Anyone else admire this man? He was horrible, yet his utter disregard for humanity can't be discounted. He was so brutally effective that you can't help but admire his power.
>He wasn't a genius or a visionary whatsoever.
He was close. He had an instinctive understanding of power and was a masterful psychologist and manipulator, which is impressive for a foreign peasant with little formal education.
Reading about some of the power plays he pulled on the Politburo just leaves you shaking your head in disbelief
He was kind of a moron but at the end of the day his system got the job done. If the Soviet Union was a capitalist liberal democracy there's no way it would've survived the war with Germany. Central economic planning, state terror, and a willingness to take extreme casualties were key factors in his success.
If you include WWII he suffered something moderately in excess of 30,000,000 non-natural deaths during his reign. It's hard to tell how many were really necessary, but probably around several million can be directly attributed to his mistakes. Rapid industrialization and collectivization just had to be done or the USSR wouldn't have survived, famines were to be expected but there's no doubt Stalin's methods increased the death count by some hundreds of thousands.
3-5 million preventable and caused famine deaths in 1932-1933
~1 million terror (largely preventable and caused, should have been labour colonies with/without correspondence)
15-30 million WWII related deaths, largely preventable (but not caused) due to the gross failure of the Red Army in 1941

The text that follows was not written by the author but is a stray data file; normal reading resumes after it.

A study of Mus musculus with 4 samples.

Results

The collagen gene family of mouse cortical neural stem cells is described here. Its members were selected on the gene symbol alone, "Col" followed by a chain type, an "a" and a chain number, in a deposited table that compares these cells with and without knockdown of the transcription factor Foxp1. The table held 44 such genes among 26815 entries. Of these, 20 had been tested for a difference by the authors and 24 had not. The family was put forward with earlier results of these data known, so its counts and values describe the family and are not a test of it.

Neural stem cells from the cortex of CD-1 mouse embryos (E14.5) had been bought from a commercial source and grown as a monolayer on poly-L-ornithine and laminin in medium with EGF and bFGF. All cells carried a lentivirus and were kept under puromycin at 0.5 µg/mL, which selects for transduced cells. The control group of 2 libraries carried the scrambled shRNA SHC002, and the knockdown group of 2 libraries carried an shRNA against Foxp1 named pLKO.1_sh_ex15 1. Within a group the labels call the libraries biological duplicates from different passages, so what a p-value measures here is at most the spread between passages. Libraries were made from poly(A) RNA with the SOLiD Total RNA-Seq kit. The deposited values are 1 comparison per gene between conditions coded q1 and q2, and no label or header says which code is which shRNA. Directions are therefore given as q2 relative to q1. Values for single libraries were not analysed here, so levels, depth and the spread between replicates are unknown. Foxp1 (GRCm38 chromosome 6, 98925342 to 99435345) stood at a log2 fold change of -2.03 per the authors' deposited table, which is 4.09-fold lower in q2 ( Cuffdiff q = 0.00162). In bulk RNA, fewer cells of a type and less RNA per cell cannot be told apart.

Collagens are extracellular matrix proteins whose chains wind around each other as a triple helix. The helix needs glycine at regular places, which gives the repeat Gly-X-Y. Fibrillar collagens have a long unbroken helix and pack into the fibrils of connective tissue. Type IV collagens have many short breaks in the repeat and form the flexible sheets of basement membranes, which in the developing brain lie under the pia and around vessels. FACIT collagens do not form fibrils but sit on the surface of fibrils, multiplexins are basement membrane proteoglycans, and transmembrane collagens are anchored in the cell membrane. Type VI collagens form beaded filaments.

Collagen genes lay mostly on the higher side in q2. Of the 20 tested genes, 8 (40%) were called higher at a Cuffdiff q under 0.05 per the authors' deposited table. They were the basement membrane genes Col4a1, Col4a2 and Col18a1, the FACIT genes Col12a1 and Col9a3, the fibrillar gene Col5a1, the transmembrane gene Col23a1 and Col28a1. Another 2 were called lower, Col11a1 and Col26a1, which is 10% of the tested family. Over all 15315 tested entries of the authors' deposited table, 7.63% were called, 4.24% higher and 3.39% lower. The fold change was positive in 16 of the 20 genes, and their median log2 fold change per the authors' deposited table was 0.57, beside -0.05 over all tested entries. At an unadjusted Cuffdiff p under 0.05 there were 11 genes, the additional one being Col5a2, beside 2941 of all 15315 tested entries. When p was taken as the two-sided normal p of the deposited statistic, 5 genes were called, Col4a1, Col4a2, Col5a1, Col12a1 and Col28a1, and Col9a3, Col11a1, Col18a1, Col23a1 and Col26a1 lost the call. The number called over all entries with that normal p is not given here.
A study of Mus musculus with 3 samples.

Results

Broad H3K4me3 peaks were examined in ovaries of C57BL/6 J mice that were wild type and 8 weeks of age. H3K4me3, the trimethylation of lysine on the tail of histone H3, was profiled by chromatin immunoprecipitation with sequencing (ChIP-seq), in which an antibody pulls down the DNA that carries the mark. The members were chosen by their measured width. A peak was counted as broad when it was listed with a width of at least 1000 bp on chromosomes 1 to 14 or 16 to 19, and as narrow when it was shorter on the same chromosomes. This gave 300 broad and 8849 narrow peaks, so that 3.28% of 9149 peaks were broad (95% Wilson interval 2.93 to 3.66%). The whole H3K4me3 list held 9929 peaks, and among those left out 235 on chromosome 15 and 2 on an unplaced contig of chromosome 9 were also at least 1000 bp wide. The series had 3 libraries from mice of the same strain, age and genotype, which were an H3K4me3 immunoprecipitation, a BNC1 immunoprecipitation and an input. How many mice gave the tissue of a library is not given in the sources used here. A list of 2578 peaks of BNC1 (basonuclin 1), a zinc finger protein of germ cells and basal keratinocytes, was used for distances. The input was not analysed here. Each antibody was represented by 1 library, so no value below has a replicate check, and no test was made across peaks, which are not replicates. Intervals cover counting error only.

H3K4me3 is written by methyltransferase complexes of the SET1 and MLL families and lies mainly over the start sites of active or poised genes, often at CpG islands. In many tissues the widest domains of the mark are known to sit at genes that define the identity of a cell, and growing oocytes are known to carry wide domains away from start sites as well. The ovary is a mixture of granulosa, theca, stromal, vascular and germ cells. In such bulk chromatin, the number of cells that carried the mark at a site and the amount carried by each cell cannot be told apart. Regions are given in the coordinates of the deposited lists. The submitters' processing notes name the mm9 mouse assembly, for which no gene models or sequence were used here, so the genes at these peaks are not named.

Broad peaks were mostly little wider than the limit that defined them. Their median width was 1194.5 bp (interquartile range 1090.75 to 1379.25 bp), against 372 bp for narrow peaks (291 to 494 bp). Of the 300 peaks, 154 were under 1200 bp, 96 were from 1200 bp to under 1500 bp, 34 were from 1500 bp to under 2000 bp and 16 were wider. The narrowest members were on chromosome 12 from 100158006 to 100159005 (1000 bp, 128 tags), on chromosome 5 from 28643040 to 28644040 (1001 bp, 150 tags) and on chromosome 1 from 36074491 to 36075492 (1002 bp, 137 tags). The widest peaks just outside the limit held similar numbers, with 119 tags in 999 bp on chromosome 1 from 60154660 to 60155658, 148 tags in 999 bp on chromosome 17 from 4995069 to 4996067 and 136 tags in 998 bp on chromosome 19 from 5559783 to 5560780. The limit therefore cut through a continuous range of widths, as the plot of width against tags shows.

3-5 million unpreventable post war famine deaths
The WWII deaths are normally attributed to the German NSDAP regime.
Is Conquest reliable?
He wrote in the US when the Soviet Union was still intact and I'm not sure if I want to trust the author of "What to Do When the Russians Come: a Survivor's Handbook (1984)"
He does have a cool last name though
I'm only familiar with Great Terror which was effectively written as a result of him being a labourite think tanker with special responsibilities.
Comparing Great Terror to other books on the 30s that I've read I'd say that it is a useful summary from "official" rather than archival sources. Conquest establishes many of the problematics that will be raised in later scholarship on Stalin, Terror, Purge and Gulag.
I disagree. Stalin was "powerful" in the sense that he was feared. This is the man that ordered the execution of a guard for coming into his room while pretending to have a stroke, who ordered the forced collectivization of peasant land that starved millions to death. I daresay that he could have been deposed and executed without any uproar from the Soviet people. Unlike, say, Hitler or Hirohito, Stalin was not admired or loved, limiting his influence to terror, gulags, and deportations to Siberia.
He did some truely stupid things like the officer purges that crippled the army and his fuckups in the early war.
What was commendable and rare for someone with his Power and probably lack of open critics is understanding that his Generals are way better than he is at the whole war thing and letting them do it the way they want.
i would really like the translations to these, I like Japan's warped perspective of the world
1: they're not white
2: they're not liberal
3: they were once fascist then received a pasting by the same country that shook them out of their isolationism
4: the US turned out not to be beasts and only demanded a return to democracy and pacifism (which I hope they stay) and they became wealthy capitalists, so everything turned out ok in the end and they had an opportunity to opine about what had happened
They kind of inhabit a twilight, proud yet humbled. prone to fanaticism then brought back down to earth, believing they are the center of the world then having to accept the world and all its craziness and diversity and their place in it, they have been forced to confront a lot of questions and their response to this sometimes appears in anime. It is very interesting.